New Mexico voters are set Tuesday to select candidates for two open congressional seats.
Voters in the states central and southern districts will decide which Democrats and Republicans will run for two seats that could determine which parties control the U.S. House of Representatives.
The seats are open because both Rep. Michelle Lujan Grisham and Rep. Steve Pearce stepped down to run for governor.
Former U.S. Attorney Damon Martinez, former state Democratic Party chairwoman Debra Haaland, former law professor Antoinette Sedillo Lopez, attorney Damian Lara and business consultant Paul Moya are seeking the Democratic nomination for Lujan Grisham's Albuquerque-based seat.
The race has hinged on which candidate is the most liberal and who has the best ground game.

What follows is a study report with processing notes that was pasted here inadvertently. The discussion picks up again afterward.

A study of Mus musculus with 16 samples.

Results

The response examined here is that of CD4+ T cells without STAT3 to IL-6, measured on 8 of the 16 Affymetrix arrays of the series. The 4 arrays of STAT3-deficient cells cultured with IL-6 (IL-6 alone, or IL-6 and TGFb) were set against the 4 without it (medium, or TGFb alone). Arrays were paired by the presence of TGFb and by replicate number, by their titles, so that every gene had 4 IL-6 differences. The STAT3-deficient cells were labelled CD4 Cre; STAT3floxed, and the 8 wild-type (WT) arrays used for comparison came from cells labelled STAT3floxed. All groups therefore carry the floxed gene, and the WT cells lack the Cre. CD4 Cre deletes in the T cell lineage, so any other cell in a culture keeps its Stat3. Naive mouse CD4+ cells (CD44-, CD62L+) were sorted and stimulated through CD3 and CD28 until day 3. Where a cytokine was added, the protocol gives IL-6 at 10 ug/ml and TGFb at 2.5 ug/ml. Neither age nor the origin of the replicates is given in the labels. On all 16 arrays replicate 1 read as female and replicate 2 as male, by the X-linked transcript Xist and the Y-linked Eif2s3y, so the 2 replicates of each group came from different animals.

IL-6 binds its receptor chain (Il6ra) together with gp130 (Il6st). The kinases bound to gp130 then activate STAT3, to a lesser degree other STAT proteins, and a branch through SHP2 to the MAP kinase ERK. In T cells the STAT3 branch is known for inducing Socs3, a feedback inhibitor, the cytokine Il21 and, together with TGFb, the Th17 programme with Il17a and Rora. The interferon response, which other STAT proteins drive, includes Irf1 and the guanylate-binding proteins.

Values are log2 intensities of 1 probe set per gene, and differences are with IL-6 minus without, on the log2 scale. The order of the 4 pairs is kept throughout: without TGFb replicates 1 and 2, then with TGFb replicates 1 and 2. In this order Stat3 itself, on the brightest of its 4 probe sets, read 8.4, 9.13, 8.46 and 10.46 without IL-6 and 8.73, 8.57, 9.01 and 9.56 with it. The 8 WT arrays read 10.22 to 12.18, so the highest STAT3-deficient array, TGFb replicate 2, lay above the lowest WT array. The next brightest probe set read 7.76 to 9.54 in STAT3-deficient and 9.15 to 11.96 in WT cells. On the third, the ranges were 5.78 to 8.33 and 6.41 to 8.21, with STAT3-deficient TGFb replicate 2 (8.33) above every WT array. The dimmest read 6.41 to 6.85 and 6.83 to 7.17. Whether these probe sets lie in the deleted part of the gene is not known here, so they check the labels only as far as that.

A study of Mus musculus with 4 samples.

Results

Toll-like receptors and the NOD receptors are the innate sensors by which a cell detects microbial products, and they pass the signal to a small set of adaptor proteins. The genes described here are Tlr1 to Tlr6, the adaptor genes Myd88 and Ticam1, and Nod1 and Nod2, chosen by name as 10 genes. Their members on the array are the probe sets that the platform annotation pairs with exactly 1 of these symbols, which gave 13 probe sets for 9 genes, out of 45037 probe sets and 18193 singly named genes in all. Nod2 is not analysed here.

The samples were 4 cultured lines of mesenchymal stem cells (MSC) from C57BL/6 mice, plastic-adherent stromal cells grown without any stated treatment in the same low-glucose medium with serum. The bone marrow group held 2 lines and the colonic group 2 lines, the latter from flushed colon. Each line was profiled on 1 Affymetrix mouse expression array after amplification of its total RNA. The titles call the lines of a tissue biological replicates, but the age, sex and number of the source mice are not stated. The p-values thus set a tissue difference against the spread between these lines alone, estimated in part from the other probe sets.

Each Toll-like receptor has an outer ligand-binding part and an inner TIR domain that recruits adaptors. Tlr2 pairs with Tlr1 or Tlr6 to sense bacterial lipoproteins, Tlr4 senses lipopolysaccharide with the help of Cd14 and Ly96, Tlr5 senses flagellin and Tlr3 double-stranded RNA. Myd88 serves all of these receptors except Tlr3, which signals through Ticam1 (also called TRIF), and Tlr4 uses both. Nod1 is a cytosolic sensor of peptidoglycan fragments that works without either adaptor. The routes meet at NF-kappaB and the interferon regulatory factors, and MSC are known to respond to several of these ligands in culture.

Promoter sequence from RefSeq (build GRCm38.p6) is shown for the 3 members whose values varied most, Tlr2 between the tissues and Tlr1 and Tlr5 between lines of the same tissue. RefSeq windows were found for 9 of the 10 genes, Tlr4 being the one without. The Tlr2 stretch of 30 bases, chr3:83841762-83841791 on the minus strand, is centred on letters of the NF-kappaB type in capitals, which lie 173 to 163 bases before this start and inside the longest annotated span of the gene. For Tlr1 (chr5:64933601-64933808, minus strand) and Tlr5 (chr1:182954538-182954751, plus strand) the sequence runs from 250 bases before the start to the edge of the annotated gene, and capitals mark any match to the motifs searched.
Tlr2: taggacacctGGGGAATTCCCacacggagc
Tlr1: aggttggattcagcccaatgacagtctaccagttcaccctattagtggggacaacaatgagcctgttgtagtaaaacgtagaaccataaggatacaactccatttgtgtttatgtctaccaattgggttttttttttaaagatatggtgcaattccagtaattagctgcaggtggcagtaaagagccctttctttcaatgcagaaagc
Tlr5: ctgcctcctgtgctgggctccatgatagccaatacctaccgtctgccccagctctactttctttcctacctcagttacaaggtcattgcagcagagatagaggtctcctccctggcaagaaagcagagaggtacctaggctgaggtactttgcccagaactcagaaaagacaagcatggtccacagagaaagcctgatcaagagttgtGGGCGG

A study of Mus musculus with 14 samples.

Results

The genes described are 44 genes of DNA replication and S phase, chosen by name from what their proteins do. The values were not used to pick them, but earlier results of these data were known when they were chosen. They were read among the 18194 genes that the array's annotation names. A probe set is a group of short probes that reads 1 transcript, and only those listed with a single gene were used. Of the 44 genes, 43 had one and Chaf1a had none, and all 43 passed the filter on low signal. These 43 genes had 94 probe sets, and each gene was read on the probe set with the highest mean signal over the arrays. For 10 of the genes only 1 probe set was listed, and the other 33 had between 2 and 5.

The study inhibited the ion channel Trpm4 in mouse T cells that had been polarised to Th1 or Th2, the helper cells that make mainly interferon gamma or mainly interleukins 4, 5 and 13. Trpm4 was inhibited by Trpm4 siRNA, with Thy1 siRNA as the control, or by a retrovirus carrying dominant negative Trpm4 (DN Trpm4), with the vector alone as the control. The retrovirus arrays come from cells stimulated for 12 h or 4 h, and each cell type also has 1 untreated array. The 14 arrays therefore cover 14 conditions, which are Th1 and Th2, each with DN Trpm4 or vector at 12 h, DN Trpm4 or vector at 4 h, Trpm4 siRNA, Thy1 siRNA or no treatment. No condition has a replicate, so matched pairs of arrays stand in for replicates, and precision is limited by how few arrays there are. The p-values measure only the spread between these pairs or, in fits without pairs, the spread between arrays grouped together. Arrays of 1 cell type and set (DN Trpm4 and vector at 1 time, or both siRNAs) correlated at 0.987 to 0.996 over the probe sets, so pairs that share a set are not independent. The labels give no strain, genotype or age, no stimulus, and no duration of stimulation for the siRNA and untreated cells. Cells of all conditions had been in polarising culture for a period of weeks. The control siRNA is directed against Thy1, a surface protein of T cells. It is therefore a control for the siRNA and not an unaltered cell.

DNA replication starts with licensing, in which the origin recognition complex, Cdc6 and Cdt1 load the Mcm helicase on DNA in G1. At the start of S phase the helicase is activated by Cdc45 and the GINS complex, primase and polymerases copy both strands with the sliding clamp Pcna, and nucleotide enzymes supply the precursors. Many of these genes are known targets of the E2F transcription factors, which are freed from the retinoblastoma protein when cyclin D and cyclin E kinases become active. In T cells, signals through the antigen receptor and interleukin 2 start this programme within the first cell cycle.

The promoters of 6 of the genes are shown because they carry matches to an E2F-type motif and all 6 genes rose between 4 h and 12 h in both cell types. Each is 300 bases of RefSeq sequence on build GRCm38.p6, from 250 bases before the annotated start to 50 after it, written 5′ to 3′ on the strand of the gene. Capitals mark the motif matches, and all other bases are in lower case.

Republican Janice Arnold-Jones, a former state lawmaker, is running unopposed in the GOP primary.
In southern New Mexico, former Hobbs Mayor Monty Newman, state Rep. Yvette Herrell and former Trump appointee Gavin Clarkson are seeking the GOP nod.
Water attorney Xochitl Torres Small and U.S. Coast Guard veteran Madeline "Mad" Hildebrandt are vying for the Democratic nomination.
Democrats have long targeted the heavily Hispanic district along the U.S.-Mexico border where registered Democrats outnumber Republicans. But it has remained in GOP hands largely due to the popularity of Pearce.
During his tenure, Pearce garnered support from Hispanics and the region's oil and gas interests.
The most Hispanic congressional district in the most Hispanic state, the district's conservative-leaning independents have intricate views on water, immigration, international trade and oil production. That makes any election outcome difficult to predict in this region of oil wells and rural mountain communities.
Democrats for years have tried to win back the seat. It briefly flipped in 2008 during the first presidential election of Barack Obama.
This article was written by cool news network.